Weaving the Web: Priceless Neighbors

Dear UUCPA folks,

Today is an infamous anniversary, reminding us that the impulse to scapegoat the momentarily vulnerable is not new. On February 19, 1942, President Franklin D. Roosevelt signed Executive Order 9066 imprisoning Americans of Japanese descent. There was no more logic in the idea that Japanese-Americans were agents of the Japanese army than that the pizza shop on the corner had a connection to Mussolini, but the desire to find an outlet for one’s rage and frustration is not easily mollified by logic.

And greed and economic competition run alongside these as powerful motivators. When Japanese-Americans were forced to sell their property on short notice, was their neighbors’ sudden access to dirt-cheap land and houses a side effect, or was it one of the reasons for the policy? It was not the first or last time that anti-Asian laws have brought a financial windfall to the laws’ supporters. Laundries became a booming business in the mid-1800s for Chinese immigrants who had come for the Gold Rush but been driven out of gold mining and railroad work. So San Francisco responded by requiring a permit to open a laundry, citing safety concerns but in fact only enforcing the requirement when it was a Chinese family that sought the permit. (Not a single Chinese or Chinese-American petitioner received a permit, whereas of the one-third of laundries that were owned by non-Chinese, only one was denied a permit.) The Chinese Exclusion Act followed not long after, one of numerous cases of manipulating the immigration laws to express fear and hatred of a group that is finding its place in the US economy.

Now we are seeing a surge in anti-Asian violence and harassment. They first rose sharply after COVID-19 swept the country; Stop AAPI Hate, which was founded last March to track and respond to harassment and attacks, has received 2,583 reports in less than a year. Those who wished to deflect blame from the political failure to handle the public health risk were the most likely to call COVID the “Wuhan virus,” “China virus,” or an anti-Asian slur, and when they were charged with stirring up racist sentiment, they rationalized that the virus was, in fact, first identified in China. Did they know how much they sounded like the San Francisco lawmakers who had piously and selectively fretted about the dangers of hot laundry equipment in wooden buildings?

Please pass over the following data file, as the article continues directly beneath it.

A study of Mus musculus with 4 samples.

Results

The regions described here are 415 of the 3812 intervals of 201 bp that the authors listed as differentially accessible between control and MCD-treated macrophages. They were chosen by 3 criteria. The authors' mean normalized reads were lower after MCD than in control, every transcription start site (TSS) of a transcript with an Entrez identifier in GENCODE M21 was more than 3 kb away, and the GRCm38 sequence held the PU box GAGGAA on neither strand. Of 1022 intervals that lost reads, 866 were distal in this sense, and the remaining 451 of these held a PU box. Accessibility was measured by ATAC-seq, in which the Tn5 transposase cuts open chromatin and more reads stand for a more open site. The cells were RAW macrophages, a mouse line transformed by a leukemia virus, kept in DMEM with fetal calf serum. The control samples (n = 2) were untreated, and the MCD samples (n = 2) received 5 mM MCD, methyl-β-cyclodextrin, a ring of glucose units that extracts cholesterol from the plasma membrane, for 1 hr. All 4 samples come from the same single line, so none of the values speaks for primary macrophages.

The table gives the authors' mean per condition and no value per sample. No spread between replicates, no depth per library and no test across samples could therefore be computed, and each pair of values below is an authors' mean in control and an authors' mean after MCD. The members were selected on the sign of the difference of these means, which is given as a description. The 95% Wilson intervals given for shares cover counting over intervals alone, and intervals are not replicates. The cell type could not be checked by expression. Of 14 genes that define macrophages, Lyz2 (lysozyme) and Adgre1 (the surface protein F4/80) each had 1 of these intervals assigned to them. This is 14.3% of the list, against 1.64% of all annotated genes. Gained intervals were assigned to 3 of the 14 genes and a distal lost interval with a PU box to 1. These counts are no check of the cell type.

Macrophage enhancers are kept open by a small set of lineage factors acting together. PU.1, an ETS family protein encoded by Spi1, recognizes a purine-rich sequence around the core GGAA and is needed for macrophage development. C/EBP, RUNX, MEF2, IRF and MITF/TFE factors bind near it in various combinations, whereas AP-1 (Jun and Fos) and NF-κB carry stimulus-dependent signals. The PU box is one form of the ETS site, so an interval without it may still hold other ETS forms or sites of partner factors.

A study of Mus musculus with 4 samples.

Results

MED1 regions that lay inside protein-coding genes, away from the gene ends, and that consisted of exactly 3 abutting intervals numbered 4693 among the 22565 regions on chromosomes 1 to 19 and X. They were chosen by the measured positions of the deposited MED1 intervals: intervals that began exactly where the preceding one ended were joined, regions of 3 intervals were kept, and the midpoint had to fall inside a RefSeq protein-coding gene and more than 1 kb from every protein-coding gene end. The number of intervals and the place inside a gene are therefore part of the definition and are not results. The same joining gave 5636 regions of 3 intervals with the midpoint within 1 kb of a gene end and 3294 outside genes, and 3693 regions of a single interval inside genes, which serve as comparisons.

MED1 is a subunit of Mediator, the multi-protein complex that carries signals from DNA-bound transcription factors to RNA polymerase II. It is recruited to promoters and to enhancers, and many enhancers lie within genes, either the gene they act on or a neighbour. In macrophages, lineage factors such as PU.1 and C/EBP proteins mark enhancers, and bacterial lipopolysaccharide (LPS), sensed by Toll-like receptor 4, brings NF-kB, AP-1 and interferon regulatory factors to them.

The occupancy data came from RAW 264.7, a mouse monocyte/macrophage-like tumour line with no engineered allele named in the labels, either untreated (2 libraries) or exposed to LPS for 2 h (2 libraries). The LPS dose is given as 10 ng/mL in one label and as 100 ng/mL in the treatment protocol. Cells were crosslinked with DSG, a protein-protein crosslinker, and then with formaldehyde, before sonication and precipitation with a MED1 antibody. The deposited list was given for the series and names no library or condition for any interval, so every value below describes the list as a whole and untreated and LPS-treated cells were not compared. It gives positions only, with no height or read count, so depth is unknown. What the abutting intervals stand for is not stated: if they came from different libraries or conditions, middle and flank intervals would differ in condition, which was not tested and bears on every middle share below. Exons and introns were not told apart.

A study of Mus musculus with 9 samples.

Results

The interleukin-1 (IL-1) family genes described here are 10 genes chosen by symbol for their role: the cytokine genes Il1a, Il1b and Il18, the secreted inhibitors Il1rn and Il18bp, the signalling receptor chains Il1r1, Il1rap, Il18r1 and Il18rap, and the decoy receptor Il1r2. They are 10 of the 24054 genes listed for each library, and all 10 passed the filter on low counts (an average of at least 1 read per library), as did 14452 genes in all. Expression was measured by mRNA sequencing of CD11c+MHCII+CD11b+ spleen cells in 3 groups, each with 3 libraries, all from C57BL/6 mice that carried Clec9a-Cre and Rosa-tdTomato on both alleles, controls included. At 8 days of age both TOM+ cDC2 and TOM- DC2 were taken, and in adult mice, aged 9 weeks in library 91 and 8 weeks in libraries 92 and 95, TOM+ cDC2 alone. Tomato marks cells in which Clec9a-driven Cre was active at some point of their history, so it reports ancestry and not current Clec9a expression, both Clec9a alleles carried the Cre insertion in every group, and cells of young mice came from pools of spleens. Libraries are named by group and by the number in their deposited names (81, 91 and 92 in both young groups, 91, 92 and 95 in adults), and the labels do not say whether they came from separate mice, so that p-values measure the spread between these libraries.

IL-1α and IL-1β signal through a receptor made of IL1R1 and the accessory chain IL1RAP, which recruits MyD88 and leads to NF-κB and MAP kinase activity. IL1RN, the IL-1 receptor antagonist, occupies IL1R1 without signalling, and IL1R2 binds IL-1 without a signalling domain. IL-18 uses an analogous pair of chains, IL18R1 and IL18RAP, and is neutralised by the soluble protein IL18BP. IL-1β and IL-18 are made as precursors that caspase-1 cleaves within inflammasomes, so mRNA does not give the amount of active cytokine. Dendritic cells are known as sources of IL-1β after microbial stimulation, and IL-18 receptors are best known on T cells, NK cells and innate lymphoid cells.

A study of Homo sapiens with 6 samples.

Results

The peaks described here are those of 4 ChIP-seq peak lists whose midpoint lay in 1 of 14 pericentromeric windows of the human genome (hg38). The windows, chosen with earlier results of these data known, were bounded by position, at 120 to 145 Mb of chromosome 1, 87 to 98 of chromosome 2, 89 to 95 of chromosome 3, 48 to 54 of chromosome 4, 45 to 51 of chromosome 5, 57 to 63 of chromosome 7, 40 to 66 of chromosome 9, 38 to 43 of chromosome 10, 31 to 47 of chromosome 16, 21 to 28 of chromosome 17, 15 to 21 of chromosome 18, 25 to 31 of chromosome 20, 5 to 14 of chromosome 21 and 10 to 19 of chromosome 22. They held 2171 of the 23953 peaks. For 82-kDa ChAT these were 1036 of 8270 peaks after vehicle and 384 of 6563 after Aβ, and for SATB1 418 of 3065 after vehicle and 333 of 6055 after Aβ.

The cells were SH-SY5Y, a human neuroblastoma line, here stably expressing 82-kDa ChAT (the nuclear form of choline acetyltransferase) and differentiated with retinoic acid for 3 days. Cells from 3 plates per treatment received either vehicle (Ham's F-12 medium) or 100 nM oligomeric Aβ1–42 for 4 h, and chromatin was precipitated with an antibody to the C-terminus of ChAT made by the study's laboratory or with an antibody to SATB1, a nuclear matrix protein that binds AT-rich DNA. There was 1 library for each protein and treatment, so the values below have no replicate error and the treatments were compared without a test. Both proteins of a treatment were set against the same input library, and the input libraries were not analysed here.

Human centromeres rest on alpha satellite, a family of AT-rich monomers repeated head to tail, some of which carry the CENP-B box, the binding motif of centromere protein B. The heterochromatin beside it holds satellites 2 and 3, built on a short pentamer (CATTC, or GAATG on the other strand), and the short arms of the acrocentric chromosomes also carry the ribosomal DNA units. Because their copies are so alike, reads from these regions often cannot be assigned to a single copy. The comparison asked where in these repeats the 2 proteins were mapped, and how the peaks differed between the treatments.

Stop AAPI Hate rallied support for H. Res. 908, which called for condemnation of all forms of anti-Asian sentiment connected to COVID-19 and the swift investigation of anti-Asian hate crimes (text here), and passed easily last fall. However, the 164 Nay votes indicate how far we still have to go. Racist harassment and violence have spiked in the last several weeks, in the lead-up to Lunar New Year. Cherry trees in San Francisco’s Japantown were destroyed, and a beloved monument to Asian-American immigration in San Jose vandalized. Elderly Asians in our area have been assaulted, one fatally. If we want to know what we would have done in 1942, we’re discovering it now.

What we can all do, especially non-Asian-Americans, is:

Our commitment to the goal of “peace, liberty, and justice for all” begins right here in our neighborhoods. As a Chinese proverb allegedly says, “You can buy a good house, but good neighbors are priceless.” Let’s be priceless.